I looked it up on GoogleMaps this morning, and it turns out the place we’re staying is only 10 kilometers from downtown Sydney, and I suggested we do it like an urban hike—we’d get to cross the Harbour Bridge. Luisa was all about it. In fact, she suggested we run it. I blanched at that idea, so we took it slow.
It’s kind of fun staying in Sydney’s ‘burbs. Australia’s western colonization took place just slightly after America’s, and the areas north of Sydney have a similar feel to suburbs along the American east coast. Roads are sprinkled with tidbits and factoids about when and why bridges and buildings were built, and the architecture of older buildings echoes the past. The walk also gave us a chance to scope sites for watching tomorrow night’s fireworks extravaganza (Yeah. We’re a day ahead here.).
We got a little lost finding the pedestrian entrance to the Harbour Bridge, but we made it eventually. Preparations are underway on the bridge for tomorrow night’s show. Special platforms have been setup with boxes of fireworks and fuses. New Year’s Eve is in the air.
Once we made it into Sydney, we walked even farther out to Darling Harbour to check out the tourist trap there. We sat down at Lindt’s to iced chocolate and chai tea, which were both delightful. And hours after we left the house, we took the bus home. Exhausted.
In any case, tomorrow is the bigger issue. It’s still unclear where we’re going to watch the fireworks to ring in the new year tomorrow night. But the plan is to leave as early as possible. On the ferry to the zoo, the guide said many people will be camping out tonight to ensure a good view for tomorrow night, and the people at the table next to us at Had to Happen Mexican Restaurant said they’d be heading to stake out their spot around 2:30 a.m. , 21.5 hours before the fireworks start.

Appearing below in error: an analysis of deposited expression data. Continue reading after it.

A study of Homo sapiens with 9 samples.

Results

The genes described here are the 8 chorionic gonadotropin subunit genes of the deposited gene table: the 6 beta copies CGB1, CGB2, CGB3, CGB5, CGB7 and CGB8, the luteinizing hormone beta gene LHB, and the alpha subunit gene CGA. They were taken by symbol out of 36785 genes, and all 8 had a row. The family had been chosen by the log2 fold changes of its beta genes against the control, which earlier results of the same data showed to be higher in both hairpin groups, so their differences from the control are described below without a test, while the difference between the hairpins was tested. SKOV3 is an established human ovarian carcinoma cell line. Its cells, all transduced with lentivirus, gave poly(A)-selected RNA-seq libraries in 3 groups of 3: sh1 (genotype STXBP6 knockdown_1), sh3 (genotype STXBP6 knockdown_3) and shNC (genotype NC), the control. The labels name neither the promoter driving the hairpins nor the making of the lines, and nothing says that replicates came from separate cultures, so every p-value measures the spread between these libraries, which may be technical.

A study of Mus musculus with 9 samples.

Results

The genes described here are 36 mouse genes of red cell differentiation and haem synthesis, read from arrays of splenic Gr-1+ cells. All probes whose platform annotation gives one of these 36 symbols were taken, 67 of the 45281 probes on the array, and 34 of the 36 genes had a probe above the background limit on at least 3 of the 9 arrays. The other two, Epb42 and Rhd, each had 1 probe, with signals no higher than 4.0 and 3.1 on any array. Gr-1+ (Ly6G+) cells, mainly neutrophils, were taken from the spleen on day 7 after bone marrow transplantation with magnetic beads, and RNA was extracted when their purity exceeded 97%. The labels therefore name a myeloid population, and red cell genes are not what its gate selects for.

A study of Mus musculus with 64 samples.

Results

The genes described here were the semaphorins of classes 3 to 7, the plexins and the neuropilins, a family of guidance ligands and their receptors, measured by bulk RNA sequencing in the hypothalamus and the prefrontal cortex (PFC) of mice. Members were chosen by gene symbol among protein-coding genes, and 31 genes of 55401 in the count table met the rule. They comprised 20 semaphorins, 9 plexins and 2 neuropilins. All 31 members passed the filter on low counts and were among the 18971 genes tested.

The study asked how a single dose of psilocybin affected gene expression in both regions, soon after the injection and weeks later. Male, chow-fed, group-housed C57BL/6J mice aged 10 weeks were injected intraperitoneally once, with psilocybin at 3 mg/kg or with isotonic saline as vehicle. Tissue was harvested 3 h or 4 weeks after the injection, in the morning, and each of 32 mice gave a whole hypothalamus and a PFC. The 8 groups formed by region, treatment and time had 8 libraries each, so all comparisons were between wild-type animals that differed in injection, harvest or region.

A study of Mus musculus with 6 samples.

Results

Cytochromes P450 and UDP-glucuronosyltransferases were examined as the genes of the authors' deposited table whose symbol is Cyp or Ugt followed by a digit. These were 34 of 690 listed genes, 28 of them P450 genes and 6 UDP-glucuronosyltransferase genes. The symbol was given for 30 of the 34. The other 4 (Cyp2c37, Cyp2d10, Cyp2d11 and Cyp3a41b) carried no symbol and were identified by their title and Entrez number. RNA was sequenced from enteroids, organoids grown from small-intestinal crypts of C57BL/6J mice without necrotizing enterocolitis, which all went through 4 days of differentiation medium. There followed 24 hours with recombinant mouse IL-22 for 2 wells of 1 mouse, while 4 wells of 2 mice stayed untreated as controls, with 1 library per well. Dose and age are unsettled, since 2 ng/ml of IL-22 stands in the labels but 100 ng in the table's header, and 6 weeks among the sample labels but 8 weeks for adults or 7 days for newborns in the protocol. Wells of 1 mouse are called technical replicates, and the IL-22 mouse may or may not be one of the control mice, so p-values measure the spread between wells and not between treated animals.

So I think we’ll be out of the house early tomorrow morning, but our destination is still unclear. I guess we’ll play it by ear.
I hope you’re well. Pictures below.
This bridge connecting Cammeray and Northbridge was constructed in 1828.
A storefront in North Sydney.
The yin-yang symbol, which will play a prominent role in New Year's festivities.
The Sydney skyline as seen from the Harbour Bridge.
Iced chocolate, chai, and macarons (not macaroons) from Lindt's. You'll also notice a small wrapped chocolate square on the plate.
I highlight the chocolate square because it was immediately familiar seeing as I have a ton in my freezer back in Samoa. In the last shipment of Ghiradelli chocolate my grandmother sent, I got a bunch of Lindt's chocolates. I didn't even know what Lindt's was. But sure enough, when I turned over the chocolate square at the restaurant this afternoon, it was baked(?) at the Ghiradelli factory in San Leandro, California. What a small world.
It's already past midnight in Australia.Happy New Year 2010!
Of course you can celebrate two New Year celebrations in less than 24 hours if you were to go back to Samoa.
Midnight(Friday Jan 1st.2010) in Sydney = 3 AM(Thursday Dec.31st 2009)in Samoa, Tahiti...
21 hours time difference between Sydney and Samoa.
I wonder how New Year's Eve is celebrated in Samoa.